Double Tragedy for Family of Manchester Arena Terror Attack Survivor with T1D

A UK teenager who survived the Manchester Arena terror attack recently died from complications related to her Type 1 Diabetes in her residence hall. Zara Ahmed, 18, was studying forensic science at John Moore’s University. The exact details of her death are unknown, as autopsy results have not been released. Her mother suspects, “She started vomiting which meant her sugar levels dropped and then that took over her.”

Her family released this tribute: “Losing a child is a parent’s worst nightmare and no amount of words can capture the loss and grief that Zara’s parents, Asefa and Kaleem are feeling at this moment.”

Zara was diagnosed with Type 1 Diabetes before she turned one. For the last seventeen years, she has required daily insulin injections and a strictly controlled diet. But, according to her parents, she didn’t let her disease hold her back. She “embrac[ed] life and everything that went with it.” She loved shopping, socializing with friends, and food. “Denied treats that most children take for granted, it was little wonder that Zara developed a love affair with food and boy, did that girl love food,” her parents reminisced.

The shock of Zara’s death was especially felt by her paternal grandmother. Within an hour of hearing the news, Zara’s grandmother died of what the family is calling a “broken heart” (a heart attack). Addressing her daughter in tribute, Zara’s mother said, “Your grandma made sure she did not let you go alone and also joined you less than an hour later to hold your hand to heaven…We all love you so much.”

Zara’s younger brother, Zak, also has Type 1 Diabetes. The two siblings were very close. According to family, Zara had a habit of squeezing his cheeks and calling him “soo cute.”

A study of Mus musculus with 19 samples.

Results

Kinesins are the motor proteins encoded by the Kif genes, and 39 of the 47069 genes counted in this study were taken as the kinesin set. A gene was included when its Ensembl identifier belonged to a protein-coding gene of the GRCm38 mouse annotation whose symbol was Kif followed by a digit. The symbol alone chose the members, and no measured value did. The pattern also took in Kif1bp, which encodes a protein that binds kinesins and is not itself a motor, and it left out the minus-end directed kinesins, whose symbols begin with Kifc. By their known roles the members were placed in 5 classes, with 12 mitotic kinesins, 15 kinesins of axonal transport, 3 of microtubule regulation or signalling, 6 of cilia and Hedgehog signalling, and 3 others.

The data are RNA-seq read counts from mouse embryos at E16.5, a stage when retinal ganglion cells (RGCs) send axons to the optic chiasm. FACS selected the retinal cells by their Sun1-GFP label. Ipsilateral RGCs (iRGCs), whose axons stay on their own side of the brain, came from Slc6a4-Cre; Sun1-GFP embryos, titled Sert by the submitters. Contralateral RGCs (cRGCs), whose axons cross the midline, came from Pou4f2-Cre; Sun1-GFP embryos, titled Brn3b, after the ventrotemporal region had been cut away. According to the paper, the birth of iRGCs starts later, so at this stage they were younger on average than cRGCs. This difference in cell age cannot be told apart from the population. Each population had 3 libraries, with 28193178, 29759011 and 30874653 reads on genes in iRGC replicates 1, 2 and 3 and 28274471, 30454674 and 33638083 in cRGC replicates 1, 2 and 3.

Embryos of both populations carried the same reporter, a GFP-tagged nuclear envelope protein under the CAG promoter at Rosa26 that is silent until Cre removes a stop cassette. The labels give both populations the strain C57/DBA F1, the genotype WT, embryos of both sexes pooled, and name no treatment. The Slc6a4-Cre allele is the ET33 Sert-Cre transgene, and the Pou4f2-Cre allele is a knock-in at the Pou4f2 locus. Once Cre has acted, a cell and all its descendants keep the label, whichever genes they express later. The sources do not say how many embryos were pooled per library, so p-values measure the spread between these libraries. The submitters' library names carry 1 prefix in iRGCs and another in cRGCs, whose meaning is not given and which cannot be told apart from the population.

In May of 2017, Zara attended the concert of her favorite singer, Ariana Grande, where a suicide bomber killed over twenty and injured hundreds. A proud and devout Muslim, she was disturbed that any individual could hurt others in the name of the same religion. In the aftermath of that event, she maintained a strong sense of faith and never hid her beliefs from others. According to family, “[h]er faith remained unshakeable epitomised on her Facebook page in her own immutable style: ‘I’m taken…by Allah innit!’”

However, Zara wasn’t always as forward with her diabetes. Her mother explains that “Zara wanted to be known as Zara not ‘Zara with diabetes.’” Often, she did not report feeling unwell because she didn’t want to burden her family or cause them to worry. This reluctance may have contributed to the escalation of the emergency, but it is not evident that it did.

The family reports that they are coping “one day at a time.” They want to increase public awareness about Type 1 Diabetes and have encouraged interested donors to contribute to Diabetes Research UK.